Facebook could help people bridge their political differences with some simple tweaks, according to a new study.
“When opinions of people don’t agree, they are more likely to hide or block or unfriend [Facebook contacts] rather than closer friends,” said Catherine Grevet, a Georgia Tech doctoral student who led the study.
According to Grevet, people tend to stay quiet if they think they are perceived as being different. People refrain from going online or from submitting themselves to a situation when they believe that others oppose them.
Grevet’s study indicated that politics is a great divider.
She also found that constant exposure to political debates makes people become indifferent. But “Designing social media toward nudging users to strengthen relationships with weak ties with different viewpoints could have beneficial consequences for the platform, users and society,” said Grevet in a statement. Facebook could display the common interests of people who disagree politically, and could sprinkle the diverse opinions of friends through distant friends’ news feeds.
Grevet’s study surveyed more than 100 politically active Facebook users in 2013. More than 70 percent of the people surveyed refrained from talking to friends about politics, if they believed the friends disagreed with them. Facebook users sometimes blocked people with different opinions.
“My study was done based on the more younger and more liberal demographic group. Those are the two main demographic groups that deal with social media,” said Grevet. “As people become older, they have more similar friends to them. So the experience of hearing people that are different from you might be something experienced from younger people.”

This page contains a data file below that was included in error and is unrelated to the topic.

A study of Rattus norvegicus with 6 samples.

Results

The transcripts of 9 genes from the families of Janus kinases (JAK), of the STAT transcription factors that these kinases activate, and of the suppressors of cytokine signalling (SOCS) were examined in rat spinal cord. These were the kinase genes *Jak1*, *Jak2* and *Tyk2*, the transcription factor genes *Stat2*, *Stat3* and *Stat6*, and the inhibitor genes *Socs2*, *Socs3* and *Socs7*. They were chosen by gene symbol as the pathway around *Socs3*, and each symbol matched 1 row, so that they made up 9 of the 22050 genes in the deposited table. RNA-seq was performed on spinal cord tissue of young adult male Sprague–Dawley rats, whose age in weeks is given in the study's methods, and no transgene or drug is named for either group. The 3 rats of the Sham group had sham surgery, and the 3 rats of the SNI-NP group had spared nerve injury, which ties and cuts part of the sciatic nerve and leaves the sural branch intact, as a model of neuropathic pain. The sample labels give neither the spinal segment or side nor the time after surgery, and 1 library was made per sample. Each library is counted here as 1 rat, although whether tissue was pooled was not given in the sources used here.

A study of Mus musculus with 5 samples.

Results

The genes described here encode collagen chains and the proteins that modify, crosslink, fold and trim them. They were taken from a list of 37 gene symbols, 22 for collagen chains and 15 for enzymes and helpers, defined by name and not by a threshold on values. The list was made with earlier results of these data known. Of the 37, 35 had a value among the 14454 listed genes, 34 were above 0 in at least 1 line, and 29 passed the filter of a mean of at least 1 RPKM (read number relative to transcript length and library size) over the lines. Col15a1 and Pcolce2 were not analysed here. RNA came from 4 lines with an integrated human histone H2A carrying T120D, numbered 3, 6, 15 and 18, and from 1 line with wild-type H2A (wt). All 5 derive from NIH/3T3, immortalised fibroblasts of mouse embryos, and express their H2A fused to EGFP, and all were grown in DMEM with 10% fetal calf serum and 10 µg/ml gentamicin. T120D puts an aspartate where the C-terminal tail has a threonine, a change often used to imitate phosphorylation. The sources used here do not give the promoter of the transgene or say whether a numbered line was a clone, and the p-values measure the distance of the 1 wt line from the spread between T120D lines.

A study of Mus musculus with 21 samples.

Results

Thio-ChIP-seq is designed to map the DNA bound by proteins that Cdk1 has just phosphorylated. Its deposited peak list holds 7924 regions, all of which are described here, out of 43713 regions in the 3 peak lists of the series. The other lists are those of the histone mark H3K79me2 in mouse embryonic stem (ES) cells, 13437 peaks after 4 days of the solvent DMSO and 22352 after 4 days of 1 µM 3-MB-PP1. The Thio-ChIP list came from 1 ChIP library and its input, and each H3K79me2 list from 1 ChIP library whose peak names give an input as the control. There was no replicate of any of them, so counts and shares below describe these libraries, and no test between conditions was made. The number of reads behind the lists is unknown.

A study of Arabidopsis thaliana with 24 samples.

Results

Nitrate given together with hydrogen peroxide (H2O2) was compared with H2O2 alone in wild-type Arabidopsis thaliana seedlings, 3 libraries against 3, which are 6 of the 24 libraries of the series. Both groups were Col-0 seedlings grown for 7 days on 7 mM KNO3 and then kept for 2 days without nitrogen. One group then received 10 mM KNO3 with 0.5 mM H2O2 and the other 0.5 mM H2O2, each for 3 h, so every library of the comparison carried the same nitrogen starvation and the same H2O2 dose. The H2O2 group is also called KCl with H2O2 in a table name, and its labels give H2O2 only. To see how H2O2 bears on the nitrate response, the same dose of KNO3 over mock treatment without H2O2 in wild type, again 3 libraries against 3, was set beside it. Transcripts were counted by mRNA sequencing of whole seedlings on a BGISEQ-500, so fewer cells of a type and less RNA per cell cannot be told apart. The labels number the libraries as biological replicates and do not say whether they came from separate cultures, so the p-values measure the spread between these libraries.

As people are reading things that their friends post, they are also being influenced.
“It might not be in Facebook’s interest to do anything about this, but it’s a place where it could have an impact if something was done like creating some features that will help the conversation, or help dealing with people that are different,” said Grevet.
According to Grevet, there are people who believe that if everyone agrees with you, the world is less interesting. “So it’s more like a nuance, some against you and some go with what you think, so it makes it more interesting and engaging,” said Grevet.
With social media, people are likely to stay connected to those who share similar interests globally; Grevet said the phenomenon is called homophily. It can result in fewer interactions with those who have a differing opinion.
“My thesis was on the topic of how we can get people different from each other to talk to each other via social media. So the goal of my work is to connect people who are different from each other to pounce through the trend we see offline. There is also a lot of political science research also showing that there is growing polarization in this country, so this work falls under possible un-polarization for that.”
Grevet’s study will be presented in February at the Computer Supported Cooperative Work and Social Computing conference in Baltimore.